Consol, Synthesis Energy Announce New $800 Million Coal-to-Gasoline Plant: Plant, to Be Located in Marshall County, Will Be the State’s First
By George Hohmann, Charleston Daily Mail, W.Va.
Jul. 28–CHARLESTON, W.Va. — Two companies have formed a joint venture that will build an $800 million coal-to-gasoline plant — the state’s first — at Benwood, Marshall County, officials announced today.
Gov. Joe Manchin and Sen. Jay Rockefeller, D-W.Va., joined officials of Consol Energy Inc. and Synthesis Energy Systems Inc. in making the announcement at a ceremony near the site.
“It’s clearer than ever that one of the biggest issues our state and country faces is meeting our energy needs,” Manchin said in prepared remarks.
“Technological solutions like this plant at Benwood will lead to more environmentally friendly ways to use our coal and hold the key to America’s energy security.”
Manchin’s administration has written a state energy plan built around the idea that coal-to-liquids plants will be constructed in West Virginia.
Today’s announcement goes a long way toward making good on Manchin’s December 2005 vow to have a coal liquefaction plant built in the state “by the end of my first term,” which is January 2009.
Rockefeller, D-W.Va., said the project will give West Virginia an opportunity to show the world that the state is a global leader in energy issues and modern coal technology.
Sen. Robert C. Byrd, D-W.Va., said, “America cannot meet its energy needs. West Virginia has the coal, the brains, and the determination to meet that challenge and demonstrate to the world that we intend to be part of the solution.”
The plant will be built in the Marshall County Industrial Park, at the south end of Benwood, next to McMechen. The plant will use newly mined coal and mine waste from the normal preparation process at Consol’s nearby Shoemaker mine.
The coal will be converted to a synthetic gas using Synthesis Energy Systems’ proprietary U-GAS technology. The synthetic gas will be used to produce about 720,000 metric tons of methanol annually. The methanol can be used as a feedstock for the chemical industry.
It is also expected that the plant will be capable of converting the methanol into about 100 million gallons of 87-octane gasoline annually.
Consol and Synthesis Energy said Northern Appalachia Fuel is currently negotiating with ExxonMobil Research and Engineering to license ExxonMobil’s proprietary methanol-to-gasoline technology.
The companies said the project as envisioned will include a river terminal where products will be stored in tanks for loading into barges for ultimate delivery.
Don Rigby, executive director of the Regional Economic Development Partnership, said it is estimated the plant will create 300 to 500 construction jobs and, when the plant begins production, it will have about 60 full-time permanent employees.
Consol and Synthesis Energy officials said they will develop the plant under a joint venture, Northern Appalachia Fuel Limited Liability Co.
The companies said their boards of directors have authorized funds for development activities, including the front-end engineering design package. The companies said each will contribute equally to this phase of the project.
The companies said Northern Appalachia Fuel is finalizing agreements with Aker Solutions US Inc., a subsidiary of Aker Solutions ASA, to perform the front-end engineering design.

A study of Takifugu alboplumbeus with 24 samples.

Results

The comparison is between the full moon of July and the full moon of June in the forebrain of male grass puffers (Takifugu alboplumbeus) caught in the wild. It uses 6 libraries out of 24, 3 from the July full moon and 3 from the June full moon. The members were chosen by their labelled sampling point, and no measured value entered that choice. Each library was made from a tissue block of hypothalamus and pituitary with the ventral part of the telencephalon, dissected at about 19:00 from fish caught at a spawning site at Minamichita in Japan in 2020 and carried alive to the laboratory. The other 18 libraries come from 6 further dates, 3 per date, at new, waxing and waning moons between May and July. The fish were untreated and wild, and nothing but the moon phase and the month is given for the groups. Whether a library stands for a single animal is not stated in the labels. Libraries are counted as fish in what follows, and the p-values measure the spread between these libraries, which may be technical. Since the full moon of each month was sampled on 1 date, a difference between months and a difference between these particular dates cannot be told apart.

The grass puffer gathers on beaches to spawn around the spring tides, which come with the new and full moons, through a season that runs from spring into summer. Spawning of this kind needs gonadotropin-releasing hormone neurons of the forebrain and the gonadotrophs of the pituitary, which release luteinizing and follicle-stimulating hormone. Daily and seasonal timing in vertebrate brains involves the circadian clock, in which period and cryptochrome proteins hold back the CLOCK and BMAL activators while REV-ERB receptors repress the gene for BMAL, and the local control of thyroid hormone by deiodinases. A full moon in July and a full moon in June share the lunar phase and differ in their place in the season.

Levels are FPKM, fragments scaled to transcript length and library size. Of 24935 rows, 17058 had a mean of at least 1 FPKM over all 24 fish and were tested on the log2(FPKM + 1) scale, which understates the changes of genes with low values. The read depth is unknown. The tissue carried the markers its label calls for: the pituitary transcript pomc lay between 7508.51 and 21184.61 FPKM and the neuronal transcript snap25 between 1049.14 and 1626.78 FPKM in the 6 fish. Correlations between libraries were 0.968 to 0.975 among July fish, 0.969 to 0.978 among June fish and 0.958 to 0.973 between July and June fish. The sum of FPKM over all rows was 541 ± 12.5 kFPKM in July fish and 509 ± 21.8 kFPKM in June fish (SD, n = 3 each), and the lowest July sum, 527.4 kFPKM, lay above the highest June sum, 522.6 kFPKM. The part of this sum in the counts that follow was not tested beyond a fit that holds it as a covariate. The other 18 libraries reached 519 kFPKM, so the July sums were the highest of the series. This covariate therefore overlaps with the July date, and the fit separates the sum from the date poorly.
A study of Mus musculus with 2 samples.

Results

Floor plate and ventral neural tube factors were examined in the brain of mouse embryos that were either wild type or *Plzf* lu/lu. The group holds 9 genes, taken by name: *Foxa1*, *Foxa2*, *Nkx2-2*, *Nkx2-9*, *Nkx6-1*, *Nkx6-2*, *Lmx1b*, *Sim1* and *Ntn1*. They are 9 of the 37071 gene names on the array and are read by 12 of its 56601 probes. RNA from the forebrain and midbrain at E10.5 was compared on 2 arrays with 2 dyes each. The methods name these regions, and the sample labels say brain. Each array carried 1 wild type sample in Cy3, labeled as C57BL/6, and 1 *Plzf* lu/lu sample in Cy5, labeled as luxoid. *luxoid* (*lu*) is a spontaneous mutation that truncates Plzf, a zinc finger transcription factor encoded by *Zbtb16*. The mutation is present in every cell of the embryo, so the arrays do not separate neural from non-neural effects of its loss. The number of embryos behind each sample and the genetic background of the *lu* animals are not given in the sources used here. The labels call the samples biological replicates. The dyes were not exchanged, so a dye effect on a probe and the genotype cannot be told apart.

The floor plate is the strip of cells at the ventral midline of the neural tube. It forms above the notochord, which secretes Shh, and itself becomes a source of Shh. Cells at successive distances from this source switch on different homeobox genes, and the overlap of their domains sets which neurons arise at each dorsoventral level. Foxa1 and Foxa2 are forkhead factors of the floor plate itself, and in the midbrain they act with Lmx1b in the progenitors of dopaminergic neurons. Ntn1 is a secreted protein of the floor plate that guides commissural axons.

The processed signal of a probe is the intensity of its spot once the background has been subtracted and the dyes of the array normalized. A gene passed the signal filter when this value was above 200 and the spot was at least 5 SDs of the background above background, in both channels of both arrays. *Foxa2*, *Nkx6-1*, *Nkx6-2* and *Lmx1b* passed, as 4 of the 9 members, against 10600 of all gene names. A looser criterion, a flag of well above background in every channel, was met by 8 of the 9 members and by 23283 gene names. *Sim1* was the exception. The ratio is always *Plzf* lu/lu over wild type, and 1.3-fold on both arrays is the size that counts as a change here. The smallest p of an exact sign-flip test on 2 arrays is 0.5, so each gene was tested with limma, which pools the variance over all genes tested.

The companies said the design will include a plan for carbon sequestration, which is the process of trapping carbon dioxide and pumping it underground.
Northern Appalachia Fuel will file for environmental permits and other permits necessary for construction at a later date, the companies said.
Consol and Synthesis Energy said they have signed a memorandum of understanding with the state and the Regional Economic Development Partnership, a division of the Ohio Valley Industrial and Business Development Corp. Under the terms of the memorandum, the state and the partnership will provide financing and tax incentives to the project over a 10-year period.
Consol Energy is the nation’s largest producer of bituminous coal. The company is headquartered in Pittsburgh, Pa. Consol traces its roots to Fairmont.
“This project has the potential to transform West Virginia from a major coal-producing state to a national energy center as well,” said J. Brett Harvey, president and chief executive officer of Consol in prepared remarks.
“By converting some of our region’s abundant, high-BTU coal into gases and liquids, not only will we create economic value for the state, but we will help West Virginia become the linchpin of American energy security.”
Synthesis Energy System builds, owns and operates coal gasification plants that use its proprietary U-GAS fluidized bed gasification technology to convert coal and coal wastes into higher value energy products, such as gasoline and ammonia.
The company licenses the U-GAS technology from the Gas Technology Institute. Synthesis Energy has offices in Houston, Texas and Shanghai, China.
Tim Vail, president and chief executive officer of Synthesis Energy Systems, said he is proud of the progress his company has made toward the development of the first industrial-size gasification plant in the United States using U-GAS technology. He thanked the state and the Regional Economic Development Partnership for their support.
“Together with our partner, Consol Energy, Synthesis Energy Systems will be taking a first step toward securing energy independence in the U.S. as we convert raw and residual coal from Consol’s Shoemaker mine and plant into gasoline in an environmentally responsible and cost-efficient manner,” Vail said.
Contact writer George Hohmann at firstname.lastname@example.org or (304) 348-4836.